By Chris Lane
By Jeff Balke
By Aaron Reiss
By Angelica Leicht
By Dianna Wray
By Aaron Reiss
By Camilo Smith
By Craig Malisow
Someone whom Kara keeps referring to as her husband is blowing up her cell phone. She's mad at him and says more than once, "He's gotta understand that I won't take him cheating on me." She describes him as a straight guy -- apparently, those are the ones she usually goes for, and they like her. The couple has been together for several years, she says, though they're on hiatus.
Kara drains the last of her Jäger, gathers up her little entourage and moves next door to O Houston, where she's scheduled to perform. The Dallas-style O is totally different from JR.'s. The sleek bar is decorated with monochromatic red artworks. Shirtless bartenders serve drinks with care, and Euro-looking guys dance under blinding, spinning lights.
Kara has a tiny Louis Vuitton purse, a larger shoulder bag and a huge suitcase that a friend carries for her. Inside, she disappears into the back and emerges a few minutes later in a skintight zebra-print dress and a new hairdo (the trick: hairpieces). She looks, in a very-popular-in-the-gay-world word, fabulous. Most women would kill for a waist as tiny as Kara's.
There's not a big crowd out tonight, but the guys who are here give her plenty of love. On the cleared floor, dancing in the smoky darkness, she mouths a sultry song about knowing everyone's secrets, and they seem to believe her. Just about everyone in the joint holds out a bill for her, and she's got a kiss on the cheek for each of them. After a couple of songs, she seems ambivalent about whether to keep performing. A patron yells out a request for "I Will Survive," and that seals things. "Girl, I'm not doing no damn 'I Will Survive,' " she says, and, like the diva she is, Kara walks offstage.
It's Sunday night at the Guava Lamp, a laid-back, slightly more alternative gay bar in Shepherd Square. But instead of the usual party atmosphere, the mood is subdued. People sit in groups, talking in unusually low tones. The bartender explains to everyone who comes in that Kim Dobbs and her husband, Brian, were murdered over the weekend, found bludgeoned in their bed. She was a gospel singer who performed at the club on Wednesdays. Many regulars are shaken up.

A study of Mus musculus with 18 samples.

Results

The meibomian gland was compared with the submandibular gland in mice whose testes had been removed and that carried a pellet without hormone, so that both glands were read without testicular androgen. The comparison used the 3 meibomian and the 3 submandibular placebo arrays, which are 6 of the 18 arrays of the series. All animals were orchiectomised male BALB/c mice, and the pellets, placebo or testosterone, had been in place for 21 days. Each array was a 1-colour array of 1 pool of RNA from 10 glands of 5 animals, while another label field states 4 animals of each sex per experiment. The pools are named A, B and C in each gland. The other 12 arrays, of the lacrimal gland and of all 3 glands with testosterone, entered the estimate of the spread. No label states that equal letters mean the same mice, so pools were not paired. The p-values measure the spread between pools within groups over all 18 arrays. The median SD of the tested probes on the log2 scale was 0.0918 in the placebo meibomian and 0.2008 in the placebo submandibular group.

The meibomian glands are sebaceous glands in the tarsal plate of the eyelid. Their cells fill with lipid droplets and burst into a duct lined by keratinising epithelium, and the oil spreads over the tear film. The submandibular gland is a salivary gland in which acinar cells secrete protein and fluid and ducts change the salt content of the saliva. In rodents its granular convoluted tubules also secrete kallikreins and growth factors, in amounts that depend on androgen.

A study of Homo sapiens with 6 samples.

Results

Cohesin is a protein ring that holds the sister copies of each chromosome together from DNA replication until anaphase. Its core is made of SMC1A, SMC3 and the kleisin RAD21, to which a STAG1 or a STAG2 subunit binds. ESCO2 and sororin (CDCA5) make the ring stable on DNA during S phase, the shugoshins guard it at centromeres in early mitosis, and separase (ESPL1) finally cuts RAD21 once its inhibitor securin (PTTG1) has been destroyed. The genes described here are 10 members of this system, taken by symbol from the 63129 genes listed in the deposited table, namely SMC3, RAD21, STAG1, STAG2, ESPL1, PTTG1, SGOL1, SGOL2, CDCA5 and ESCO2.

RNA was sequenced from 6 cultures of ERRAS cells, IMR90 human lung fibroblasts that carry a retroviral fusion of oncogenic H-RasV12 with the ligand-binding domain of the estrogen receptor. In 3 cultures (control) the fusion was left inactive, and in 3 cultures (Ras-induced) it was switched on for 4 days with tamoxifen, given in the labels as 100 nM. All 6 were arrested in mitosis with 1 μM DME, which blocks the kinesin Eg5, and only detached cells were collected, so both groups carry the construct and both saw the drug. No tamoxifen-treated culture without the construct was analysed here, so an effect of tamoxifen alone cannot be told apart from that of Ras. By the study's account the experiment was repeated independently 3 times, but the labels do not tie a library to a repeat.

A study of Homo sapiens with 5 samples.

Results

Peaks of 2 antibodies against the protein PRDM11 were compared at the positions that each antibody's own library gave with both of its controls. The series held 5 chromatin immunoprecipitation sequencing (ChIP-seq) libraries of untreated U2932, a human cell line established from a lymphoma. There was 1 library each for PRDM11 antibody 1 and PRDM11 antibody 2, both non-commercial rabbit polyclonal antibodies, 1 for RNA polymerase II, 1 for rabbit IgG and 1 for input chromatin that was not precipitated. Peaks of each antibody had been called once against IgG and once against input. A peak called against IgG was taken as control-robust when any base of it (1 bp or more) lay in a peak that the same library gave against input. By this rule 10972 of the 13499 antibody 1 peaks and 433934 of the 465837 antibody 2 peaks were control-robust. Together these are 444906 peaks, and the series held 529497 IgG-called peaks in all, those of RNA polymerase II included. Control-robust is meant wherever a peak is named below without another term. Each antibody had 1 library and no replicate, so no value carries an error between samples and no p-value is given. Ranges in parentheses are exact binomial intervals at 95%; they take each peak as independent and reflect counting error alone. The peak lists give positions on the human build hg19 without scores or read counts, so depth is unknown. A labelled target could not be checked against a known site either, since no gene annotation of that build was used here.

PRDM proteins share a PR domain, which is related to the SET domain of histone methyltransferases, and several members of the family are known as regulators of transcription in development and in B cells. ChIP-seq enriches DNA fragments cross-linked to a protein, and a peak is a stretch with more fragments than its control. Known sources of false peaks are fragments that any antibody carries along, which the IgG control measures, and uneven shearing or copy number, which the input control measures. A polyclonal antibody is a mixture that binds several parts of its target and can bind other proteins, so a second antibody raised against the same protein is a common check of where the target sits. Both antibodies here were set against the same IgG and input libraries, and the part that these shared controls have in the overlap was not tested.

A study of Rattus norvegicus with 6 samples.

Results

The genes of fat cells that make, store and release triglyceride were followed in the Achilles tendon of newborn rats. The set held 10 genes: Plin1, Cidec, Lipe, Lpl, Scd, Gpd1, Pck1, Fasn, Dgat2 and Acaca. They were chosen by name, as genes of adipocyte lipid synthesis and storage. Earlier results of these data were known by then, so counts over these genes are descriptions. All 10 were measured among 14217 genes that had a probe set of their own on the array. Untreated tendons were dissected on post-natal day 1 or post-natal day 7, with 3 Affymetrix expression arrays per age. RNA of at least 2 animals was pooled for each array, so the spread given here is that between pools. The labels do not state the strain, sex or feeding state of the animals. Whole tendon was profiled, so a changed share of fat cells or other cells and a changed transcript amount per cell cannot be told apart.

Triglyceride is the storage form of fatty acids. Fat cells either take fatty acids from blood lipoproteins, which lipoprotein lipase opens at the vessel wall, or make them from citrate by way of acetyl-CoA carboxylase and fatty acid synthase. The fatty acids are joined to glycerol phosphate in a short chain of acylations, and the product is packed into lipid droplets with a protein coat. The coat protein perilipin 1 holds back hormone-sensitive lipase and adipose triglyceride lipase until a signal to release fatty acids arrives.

Into this atmosphere strolls Todd A. Gresley, who, as it happens, knew Kim pretty well. He's the karaoke MC this evening -- a thankless job. Todd mounts the stage and takes a mike. "Come on, people," he says in a singsong voice. "Let's get upheeere." An unbelievably bad Justin Timberlake rendition follows, complete with Todd eye-rolls in the background. Then Todd sings "The Circle of Life" from The Lion King. Somehow, he manages to strike just the right note, a combination of melancholy and irreverence. "When something bad happens, that doesn't mean you can't get drunk and smoke cigarettes," he says later. After a few songs -- and a few drinks -- people pick up a little.
Catch Todd's act at Guava on a regular Wednesday or Sunday, and the word "sensitive" doesn't come to mind. The short-blond-haired, earringed, strong-jawed, muscular 30-year-old Indiana native is usually pure irreverence. "I was talking to Jesus this morning, and he said it was Patrick's birthday. And I was like, 'Oh, my God, Jesus,' and we smoked a fatty together. Happy birthday, Patrick. Stand up, bitch."
The MC can be pretty catty. As he plainly states to the crowd, "You're all drunk and I can make fun of you and you won't get mad." When a little guy stands to sing an off-key, nasal -- and quite passionate -- version of Britney Spears's "Toxic," Todd sits in the background, making wide eyes and smiling evilly at the crowd. When it's over, he says into the mike, "Sign up again, baby, sign up again. I think everybody's mentally clapping; they just have drinks in their hands." To an obviously straight guy who's wandered in with his girlfriend, he says, "Bless your fucking heart, you remind me of all the assholes I went to high school with. Those were the fucking days." To an older guy: "Oh, I saw you at the Botox party last week."
Often, toward the end of the night, Todd can be found lying on his back, microphone to his lips, talking trash. If he gets inspired, he'll stand up and dirty-dance with whoever's on stage. He also makes sure to heckle everyone coming in and out of the bar. "He's hilarious," says Soleil Manzo, who's been a regular at Guava for years, "and he's had a following forever, and this amazing ability to know everyone. And he's really good at keeping people engaged in the show."
The weird thing about Todd, though, is that for all his talk about fatties and drunkenness, he's kind of a goodie-goodie. "People see me on stage jumping around," he says, "and they don't know that my favorite thing is sleeping in my hammock in the backyard." Todd parties some, but he seems more excited about juicing beets and apples and growing things in his garden. Unlike his stage persona, Todd abhors drugs. And he says he's never had a one-night stand. At the moment, he's single: "I just got horribly dumped. He was one of the most kick-ass guys I've ever met. It was only a month, but it still stings. I miss him."